Despite the fact that this production heralds the beginning of The Lion King’s first UK tour, it is apparently the 20th staging of the show to premiere internationally. Those of us who saw the original Broadway and London productions will vividly recall how director Julie Taymor’s groundbreaking vision deservedly took the theatre world by storm. What is interesting is seeing how the piece translates to a new generation more than a decade on.
For the most part, the show remains a vivid visual treat and boasts one of the best ever opening sequences created for a piece of musical theatre. Puppetry and masks have become integral tools in the art of theatrical storytelling in recent times but Taymor and Michael Curry’s designs which so cleverly combined the animal and actor were ahead of the game. The Hippodrome’s stalls have been reconfigured in order to allow the Circle of Life animal procession - elephant, giraffes, zebras, antelope etc - to take place but the extra effort certainly pays off.
What is also striking is how well Richard Hudson’s simple but innovative scenic design and Donald Holder’s lighting complement all the other visual elements - the glorious sunrise on the savannah being the most iconic image of all. It is when these two elements do not gel as well that the staging can appear a little tired or dated, such as in the Elephant Graveyard or when we know a character is about to fall to their doom because their harness wires can be seen so clearly.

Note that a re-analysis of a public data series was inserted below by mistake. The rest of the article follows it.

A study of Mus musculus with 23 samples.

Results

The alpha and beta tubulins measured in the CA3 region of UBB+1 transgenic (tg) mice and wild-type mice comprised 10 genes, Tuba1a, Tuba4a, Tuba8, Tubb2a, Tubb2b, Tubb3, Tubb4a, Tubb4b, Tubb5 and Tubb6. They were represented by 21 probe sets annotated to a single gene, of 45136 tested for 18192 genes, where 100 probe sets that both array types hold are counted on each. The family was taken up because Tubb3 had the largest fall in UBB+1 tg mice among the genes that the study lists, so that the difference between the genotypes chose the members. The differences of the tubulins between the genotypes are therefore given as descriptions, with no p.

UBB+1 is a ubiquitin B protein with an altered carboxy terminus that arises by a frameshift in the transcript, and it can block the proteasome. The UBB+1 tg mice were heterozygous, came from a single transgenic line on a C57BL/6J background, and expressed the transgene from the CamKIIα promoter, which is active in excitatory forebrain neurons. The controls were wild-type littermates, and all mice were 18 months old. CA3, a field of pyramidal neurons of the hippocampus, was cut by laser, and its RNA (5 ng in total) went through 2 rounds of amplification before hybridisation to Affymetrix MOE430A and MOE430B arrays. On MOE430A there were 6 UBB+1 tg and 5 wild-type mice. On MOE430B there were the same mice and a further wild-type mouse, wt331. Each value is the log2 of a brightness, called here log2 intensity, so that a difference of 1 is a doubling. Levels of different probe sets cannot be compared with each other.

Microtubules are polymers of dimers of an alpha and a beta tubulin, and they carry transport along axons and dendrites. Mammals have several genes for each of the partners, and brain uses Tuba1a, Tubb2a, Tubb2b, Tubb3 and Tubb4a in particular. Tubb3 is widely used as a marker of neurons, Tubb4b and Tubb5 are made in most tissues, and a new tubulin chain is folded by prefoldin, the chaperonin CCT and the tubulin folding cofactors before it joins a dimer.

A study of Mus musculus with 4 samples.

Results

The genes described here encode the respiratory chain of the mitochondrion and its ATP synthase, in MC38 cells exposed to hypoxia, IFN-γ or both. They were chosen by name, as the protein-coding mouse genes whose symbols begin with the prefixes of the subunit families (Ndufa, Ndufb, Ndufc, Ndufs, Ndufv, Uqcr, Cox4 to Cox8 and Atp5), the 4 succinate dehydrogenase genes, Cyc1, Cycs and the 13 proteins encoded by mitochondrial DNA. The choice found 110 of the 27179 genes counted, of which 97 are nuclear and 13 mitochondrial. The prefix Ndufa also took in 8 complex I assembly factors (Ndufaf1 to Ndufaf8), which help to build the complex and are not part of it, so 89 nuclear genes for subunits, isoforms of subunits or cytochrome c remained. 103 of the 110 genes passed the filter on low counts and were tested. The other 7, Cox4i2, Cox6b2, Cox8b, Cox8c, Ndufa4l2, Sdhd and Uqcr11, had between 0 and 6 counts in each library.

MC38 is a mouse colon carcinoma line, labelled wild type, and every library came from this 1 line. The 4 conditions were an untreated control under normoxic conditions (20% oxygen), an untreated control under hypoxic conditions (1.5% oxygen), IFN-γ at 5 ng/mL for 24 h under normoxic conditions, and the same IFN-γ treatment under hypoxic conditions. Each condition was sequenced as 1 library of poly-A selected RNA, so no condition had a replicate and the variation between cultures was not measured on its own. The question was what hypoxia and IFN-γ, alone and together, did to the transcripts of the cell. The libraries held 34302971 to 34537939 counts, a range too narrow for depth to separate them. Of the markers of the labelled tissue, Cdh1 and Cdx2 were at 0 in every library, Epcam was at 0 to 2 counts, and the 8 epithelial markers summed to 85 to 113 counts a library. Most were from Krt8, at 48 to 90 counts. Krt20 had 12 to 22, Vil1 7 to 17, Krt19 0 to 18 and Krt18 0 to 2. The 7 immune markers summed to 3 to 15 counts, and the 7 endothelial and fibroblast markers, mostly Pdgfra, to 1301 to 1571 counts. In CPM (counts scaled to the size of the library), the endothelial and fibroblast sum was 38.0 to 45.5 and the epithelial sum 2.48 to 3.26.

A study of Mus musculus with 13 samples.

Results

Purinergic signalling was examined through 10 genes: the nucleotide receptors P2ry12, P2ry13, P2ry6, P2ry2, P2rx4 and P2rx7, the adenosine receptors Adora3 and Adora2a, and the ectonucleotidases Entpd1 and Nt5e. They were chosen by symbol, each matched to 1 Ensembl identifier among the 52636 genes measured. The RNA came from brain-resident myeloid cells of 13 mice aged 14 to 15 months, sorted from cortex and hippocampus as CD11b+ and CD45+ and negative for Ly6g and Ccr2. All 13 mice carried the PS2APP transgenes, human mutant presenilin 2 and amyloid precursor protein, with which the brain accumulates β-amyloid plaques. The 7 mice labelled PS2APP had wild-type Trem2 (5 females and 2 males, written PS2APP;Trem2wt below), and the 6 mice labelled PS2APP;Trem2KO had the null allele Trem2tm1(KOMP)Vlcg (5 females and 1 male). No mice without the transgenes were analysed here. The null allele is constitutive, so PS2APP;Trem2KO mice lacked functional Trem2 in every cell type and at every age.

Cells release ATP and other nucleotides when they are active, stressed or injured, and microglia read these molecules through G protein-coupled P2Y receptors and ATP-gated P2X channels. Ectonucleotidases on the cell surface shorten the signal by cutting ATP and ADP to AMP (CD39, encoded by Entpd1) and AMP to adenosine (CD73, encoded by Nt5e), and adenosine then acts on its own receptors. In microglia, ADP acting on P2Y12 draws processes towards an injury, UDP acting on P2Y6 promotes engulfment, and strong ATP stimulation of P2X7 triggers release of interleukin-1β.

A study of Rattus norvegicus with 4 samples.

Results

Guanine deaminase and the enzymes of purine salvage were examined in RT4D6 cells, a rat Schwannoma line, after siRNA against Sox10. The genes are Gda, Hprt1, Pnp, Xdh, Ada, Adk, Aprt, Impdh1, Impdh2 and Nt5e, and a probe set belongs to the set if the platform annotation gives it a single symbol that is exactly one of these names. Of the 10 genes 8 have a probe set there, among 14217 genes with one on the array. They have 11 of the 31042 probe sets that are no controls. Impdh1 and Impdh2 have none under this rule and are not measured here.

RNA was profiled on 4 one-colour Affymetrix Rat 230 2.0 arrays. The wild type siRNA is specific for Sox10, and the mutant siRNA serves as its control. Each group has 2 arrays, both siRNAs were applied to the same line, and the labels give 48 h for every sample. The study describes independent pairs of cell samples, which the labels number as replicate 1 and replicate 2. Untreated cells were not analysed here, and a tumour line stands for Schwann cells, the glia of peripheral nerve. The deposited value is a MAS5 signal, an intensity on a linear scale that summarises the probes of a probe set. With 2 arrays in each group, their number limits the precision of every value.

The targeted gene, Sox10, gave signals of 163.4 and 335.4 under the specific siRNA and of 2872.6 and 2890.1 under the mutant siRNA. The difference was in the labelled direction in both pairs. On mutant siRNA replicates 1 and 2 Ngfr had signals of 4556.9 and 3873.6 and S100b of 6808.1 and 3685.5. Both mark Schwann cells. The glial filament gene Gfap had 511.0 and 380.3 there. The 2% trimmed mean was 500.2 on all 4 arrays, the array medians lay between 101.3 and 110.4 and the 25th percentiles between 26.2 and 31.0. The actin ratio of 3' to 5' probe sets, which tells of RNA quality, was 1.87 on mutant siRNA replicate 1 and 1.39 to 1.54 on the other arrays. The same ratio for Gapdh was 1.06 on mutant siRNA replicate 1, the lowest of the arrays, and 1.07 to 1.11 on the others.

The creative team behind this tour also needs to trust in the emotions behind the story being told. Okay, the libretto is Disney meets Hamlet, but there are messages about love, loss, hope and community that are worth taking seriously. It feels as though Stephen Carlile, as the dastardly Scar set on destroying his brother Mufasa (Cleveland Cathnott) so he can become King of the Pridelands, has been directed to do the opposite and dramatic scenes are undermined as a result. Similarly, when Meilyr Sion’s Zazu or John Hasler’s Timon, both very likeable in their roles, jump out of character to mention IKEA or DIY SOS, the evening switches to pantomime. An hyena version of the Chippendales is a low point too.
However, that is not to say there isn’t plenty to praise, particularly in Act II when Carole Stennett gives such dignity and physical elegance to her intense portrayal of Nala. Her performance and that of other members of the ensemble during Shadowland is a highlight and has a poignancy lacking in other important scenes. In addition, there is also a depth of feeling about Nicholas Nkuna’s Simba during the songs Endless Night and He Lives in You as he slowly but surely realises he must return home and face his past.
Interestingly, all three of the songs mentioned above are not the work of Elton John and Tim Rice, but the result of different collaborations between Mark Mancina, Jay Rifkin, Lebo M, Hans Zimmer and Taymor. While youngsters fond of the Disney movie might disagree, it is these compositions which mix mainstream pop with African influences that often stand out during the evening, including the second half’s infectious opener joyfully performed by the ensemble.
Ultimately perhaps it is the character of healer and truth teller Rafiki, gloriously brought to life on this occasion by Gugwana Dlamini, that sums up everything that is memorable about The Lion King, the joy, colour and spirituality. It is these ingredients that are likely to attract new audiences to the production, even though the experience might not quite take their breath away as it did for others first time round.